ARLINGTON, Va. -- By adding forwards Justin Williams and T.J. Oshie this offseason, the Washington Capitals hope they've completed a team that can withstand the rigors of playoff hockey and is good enough to win the Stanley Cup.
But there are plenty of lingering issues for the Capitals, from the way their lineup will be constructed to who will be in it.
Here are three questions facing the Capitals this season:
Will Nicklas Backstrom be ready for the season opener? The center had arthroscopic surgery on his hip May 27, and his recovery was estimated at five months. He said the injury had been bothering him since November.
General manager Brian MacLellan said in July that Backstrom had started skating, which was a positive sign, but it's possible he will be sidelined beyond training camp.
Last season, Backstrom played 82 games for the fifth time in his NHL career, led the League with 60 assists, and finished sixth with 78 points.
Forward Evgeny Kuznetsov, who switched to center last season, is an option to play on the top line with Alex Ovechkin if Backstrom isn't ready. He played most of last season on the second line between Marcus Johansson and Troy Brouwer, and his adaptability could be an advantage.
Johansson will probably stay as a wing, though he has played center in the NHL. Andre Burakovsky could take Kuznetsov's place on the second line if Backstrom is unable to play for a significant period of time.
"To me, [Burakovsky] could play any position, right wing, center or left wing," MacLellan said. "He's just that good. Marcus I'd like more on the wing than on the center."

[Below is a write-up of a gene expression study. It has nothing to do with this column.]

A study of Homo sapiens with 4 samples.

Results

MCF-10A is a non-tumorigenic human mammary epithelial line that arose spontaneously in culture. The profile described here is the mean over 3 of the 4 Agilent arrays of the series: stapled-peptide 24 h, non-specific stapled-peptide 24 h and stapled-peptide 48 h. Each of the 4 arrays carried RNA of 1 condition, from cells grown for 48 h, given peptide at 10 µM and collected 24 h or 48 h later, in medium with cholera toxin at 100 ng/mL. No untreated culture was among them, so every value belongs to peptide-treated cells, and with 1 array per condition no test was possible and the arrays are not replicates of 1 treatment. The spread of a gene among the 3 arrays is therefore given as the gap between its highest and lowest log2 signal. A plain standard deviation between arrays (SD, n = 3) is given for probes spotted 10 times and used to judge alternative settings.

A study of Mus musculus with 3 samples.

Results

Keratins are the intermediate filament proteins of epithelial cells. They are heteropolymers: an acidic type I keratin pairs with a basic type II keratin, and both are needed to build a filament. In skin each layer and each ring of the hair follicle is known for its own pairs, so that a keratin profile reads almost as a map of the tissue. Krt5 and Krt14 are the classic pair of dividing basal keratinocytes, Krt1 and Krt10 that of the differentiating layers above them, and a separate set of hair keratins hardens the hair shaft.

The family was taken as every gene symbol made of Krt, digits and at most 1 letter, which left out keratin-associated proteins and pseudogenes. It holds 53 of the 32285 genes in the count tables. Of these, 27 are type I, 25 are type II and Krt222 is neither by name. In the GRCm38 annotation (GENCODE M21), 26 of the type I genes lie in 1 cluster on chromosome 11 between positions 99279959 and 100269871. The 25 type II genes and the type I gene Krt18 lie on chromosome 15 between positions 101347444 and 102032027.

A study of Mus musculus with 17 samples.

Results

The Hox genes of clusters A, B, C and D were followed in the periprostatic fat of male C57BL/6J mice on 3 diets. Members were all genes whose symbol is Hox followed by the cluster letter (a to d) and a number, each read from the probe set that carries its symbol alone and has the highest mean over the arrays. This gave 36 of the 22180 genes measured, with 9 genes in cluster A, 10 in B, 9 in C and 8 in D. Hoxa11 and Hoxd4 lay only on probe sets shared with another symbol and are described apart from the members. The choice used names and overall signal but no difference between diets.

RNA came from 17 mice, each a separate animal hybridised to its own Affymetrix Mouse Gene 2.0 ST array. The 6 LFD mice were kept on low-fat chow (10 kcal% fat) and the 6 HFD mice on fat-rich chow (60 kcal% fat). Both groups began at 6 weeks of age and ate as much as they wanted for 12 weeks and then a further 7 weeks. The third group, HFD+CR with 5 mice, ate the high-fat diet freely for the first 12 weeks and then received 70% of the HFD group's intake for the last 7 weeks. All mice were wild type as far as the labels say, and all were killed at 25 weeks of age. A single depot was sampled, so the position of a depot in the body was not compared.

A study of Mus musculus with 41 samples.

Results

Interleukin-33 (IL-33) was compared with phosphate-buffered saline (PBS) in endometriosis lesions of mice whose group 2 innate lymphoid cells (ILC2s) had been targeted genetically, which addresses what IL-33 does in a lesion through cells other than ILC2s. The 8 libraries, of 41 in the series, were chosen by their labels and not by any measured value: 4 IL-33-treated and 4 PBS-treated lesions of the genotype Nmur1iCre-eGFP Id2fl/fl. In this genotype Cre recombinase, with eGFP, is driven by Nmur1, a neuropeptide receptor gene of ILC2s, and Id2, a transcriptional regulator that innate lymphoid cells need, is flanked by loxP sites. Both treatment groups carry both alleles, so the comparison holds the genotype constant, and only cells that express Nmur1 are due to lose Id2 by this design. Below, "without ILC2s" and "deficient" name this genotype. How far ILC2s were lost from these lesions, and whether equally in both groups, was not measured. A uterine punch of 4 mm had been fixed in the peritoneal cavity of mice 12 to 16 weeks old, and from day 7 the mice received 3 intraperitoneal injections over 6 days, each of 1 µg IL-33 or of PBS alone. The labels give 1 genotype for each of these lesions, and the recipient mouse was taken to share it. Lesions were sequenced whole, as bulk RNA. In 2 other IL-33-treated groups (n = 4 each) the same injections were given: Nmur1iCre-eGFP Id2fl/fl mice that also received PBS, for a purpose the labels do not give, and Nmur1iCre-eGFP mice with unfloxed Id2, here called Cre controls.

Who will be the third-line center? The Capitals have more than a few options to play there. Jay Beagle and Brooks Laich have filled that role, and either could reprise it if coach Barry Trotz decides he'd prefer the line to be more defense-oriented.
If Trotz wants more offense, he could use Burakovsky or Kuznetsov there. Trotz may decide to leave the position open for specific matchups.
That would leave Michael Latta as fourth-line center, where he was last season.
Who will be Braden Holtby's backup? It's hard to foresee a scenario where Philipp Grubauer isn't backing up Holtby this season, but MacLellan said Justin Peters will be given a fair chance to compete with Grubauer for the job at training camp.
The Capitals signed Grubauer to a two-year, $1.5 million, one-way contract June 15. He has appeared in 20 NHL games with the Capitals, with a 2.44 goals-against average and .924 save percentage.
"I don't think [Grubauer] has anything left to prove at the American [Hockey] League level," Hershey Bears coach Troy Mann said.
Peters started nine games last season, with a 3.25 GAA and .881 save percentage.
When Holtby was unavailable to play in Game 2 of the Eastern Conference First Round, Grubauer was recalled from Hershey, and Peters backed him up.
Peters had knee surgery Aug. 11 but is expected to be fully recovered in time for training camp.